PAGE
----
It’s almost that time of year when orchards will be graced with millions of simple white flowers covered in bees. Well, I have a tale worthy of the indomitable pear tree. Shortly after the first Europeans landed at ye Plymouth Rock in 1620, a Pilgrim named John Endicott was appointed as the first governor of the Massachusetts Bay Colony in 1629. His instructions were to establish a welcoming setting for new arrivals. As part of his “Welcome to the Neighborhood Beautification Program” (my less than official title) he planted a young pear sapling. There is a good possibility the tree came to Massachusetts from England on the ship Arbella in 1630. In the presence of his children, the venerable Governor declared “I hope the tree will love the soil of the New World and no doubt when we have gone will still be alive.” Oh, my learned brothers and sisters, was he selling that tree short.
Already over 170 years old, the Reverend William Bentley delivered some of the pears harvested from the tree in 1809 to one of my favorite leaders of history at the time, President John Adams, as documented in a letter of appreciation from the man himself. Bentley, perchance teetering on the verge of obsession on ye olde tree, arranged to have twigs sent to the less than photogenic Mr.Adams. (One would certainly prefer a portrait of General Washington or Mr. Jefferson, but I superficially, digress again.) We know ye twigs took root cited by a letter from Mr. Adams in 1815 sharing “The hurricane of yesterday has covered the ground around me in pears.”
For Arbor Day in 1890, the poet Lucy Larch penned The Governor’s Tree as a tribute to the now 260 year old tree. Part of the tree long page toast included;
Such a wonder you may see;
For the patriarchal tree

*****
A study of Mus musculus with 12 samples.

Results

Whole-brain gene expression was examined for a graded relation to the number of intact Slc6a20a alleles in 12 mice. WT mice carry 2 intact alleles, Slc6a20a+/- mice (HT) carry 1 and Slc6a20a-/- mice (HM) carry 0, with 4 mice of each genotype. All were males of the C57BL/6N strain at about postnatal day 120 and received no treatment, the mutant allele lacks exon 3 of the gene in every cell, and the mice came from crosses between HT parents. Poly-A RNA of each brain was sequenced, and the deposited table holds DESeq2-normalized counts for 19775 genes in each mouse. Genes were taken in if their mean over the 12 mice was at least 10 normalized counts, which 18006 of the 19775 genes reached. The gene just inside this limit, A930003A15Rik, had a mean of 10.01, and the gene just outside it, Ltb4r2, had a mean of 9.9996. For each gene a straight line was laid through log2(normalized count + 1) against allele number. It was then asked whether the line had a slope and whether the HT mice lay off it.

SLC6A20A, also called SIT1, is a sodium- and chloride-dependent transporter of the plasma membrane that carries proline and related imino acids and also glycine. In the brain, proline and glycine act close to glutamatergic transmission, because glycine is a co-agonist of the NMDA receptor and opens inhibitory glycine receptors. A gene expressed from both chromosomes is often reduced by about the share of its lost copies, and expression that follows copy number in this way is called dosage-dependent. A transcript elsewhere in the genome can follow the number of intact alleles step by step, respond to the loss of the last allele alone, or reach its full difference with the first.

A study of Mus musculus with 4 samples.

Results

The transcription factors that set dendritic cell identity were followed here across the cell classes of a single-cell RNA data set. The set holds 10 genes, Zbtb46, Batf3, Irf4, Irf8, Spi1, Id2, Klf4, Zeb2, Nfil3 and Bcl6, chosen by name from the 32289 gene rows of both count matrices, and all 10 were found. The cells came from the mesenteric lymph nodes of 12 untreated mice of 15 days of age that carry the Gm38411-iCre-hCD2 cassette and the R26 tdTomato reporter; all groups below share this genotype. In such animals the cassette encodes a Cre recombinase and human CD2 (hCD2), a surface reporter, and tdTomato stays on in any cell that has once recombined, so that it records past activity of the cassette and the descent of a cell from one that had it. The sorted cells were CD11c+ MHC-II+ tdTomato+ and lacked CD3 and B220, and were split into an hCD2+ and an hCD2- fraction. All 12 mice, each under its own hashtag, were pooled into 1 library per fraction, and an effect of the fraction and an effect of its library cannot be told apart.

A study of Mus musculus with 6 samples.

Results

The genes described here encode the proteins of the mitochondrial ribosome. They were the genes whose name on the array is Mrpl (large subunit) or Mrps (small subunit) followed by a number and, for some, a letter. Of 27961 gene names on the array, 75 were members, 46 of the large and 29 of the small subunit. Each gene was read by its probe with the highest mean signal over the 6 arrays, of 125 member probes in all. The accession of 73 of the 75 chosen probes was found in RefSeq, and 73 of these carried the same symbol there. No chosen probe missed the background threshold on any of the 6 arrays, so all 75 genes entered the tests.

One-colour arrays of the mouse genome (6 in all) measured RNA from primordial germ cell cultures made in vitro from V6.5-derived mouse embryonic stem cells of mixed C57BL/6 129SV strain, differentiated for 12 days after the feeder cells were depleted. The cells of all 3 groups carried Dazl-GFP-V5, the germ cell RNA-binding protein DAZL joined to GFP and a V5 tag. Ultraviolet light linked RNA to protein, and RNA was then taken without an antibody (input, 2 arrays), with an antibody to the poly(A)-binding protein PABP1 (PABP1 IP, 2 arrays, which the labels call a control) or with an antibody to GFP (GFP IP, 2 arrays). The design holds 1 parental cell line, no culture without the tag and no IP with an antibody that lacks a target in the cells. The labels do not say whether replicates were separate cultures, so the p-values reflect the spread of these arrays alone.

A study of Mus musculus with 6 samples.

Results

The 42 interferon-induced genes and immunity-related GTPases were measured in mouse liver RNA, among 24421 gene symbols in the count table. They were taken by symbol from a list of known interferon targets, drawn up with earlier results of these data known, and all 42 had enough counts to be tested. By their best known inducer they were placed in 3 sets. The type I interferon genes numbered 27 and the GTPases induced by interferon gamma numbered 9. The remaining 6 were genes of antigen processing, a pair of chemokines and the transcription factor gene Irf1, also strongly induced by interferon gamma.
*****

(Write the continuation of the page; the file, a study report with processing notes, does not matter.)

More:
Blossoms still, — the living thought
Of good Governor Endicott.
Fruit again this tree to bear;
Honor to that brave old pear!
The tree was damaged by three hurricanes in the 1800s but was still standing with the resilience of its Pilgrim forbearers at 80′ in 1875. The pear continued to bear heavily with bushels of fruit. Dating back to a story in 1837, some believed the original sapling was grafted until in 1921 the author of Historic Tress of Massachusetts documented that what we commonly refer to now as suckers where yielding the same fruit as the main tree.
The next documentation of the tree was penned by vandals who using hacksaws cut the tree down to a 6′ stump. Must have been a determined bunch of sods because that would have been a tiring piece of ecoterrorism. But while it was far too severe, it might have helped the tree be better prepared to take on hurricanes and the like with a stockier tree. What do you think?
The fruit has been described as “medium in size, unattractive and coarse textured”. However with such provenance, including the knowledge your partaking in the very same ritual shared by the second President of the United States, one might be forgiven for exulting in a gratitude not unlike that of the Israelites partaking of manna from heaven. Pardon the hyperbole, my Jewish friends.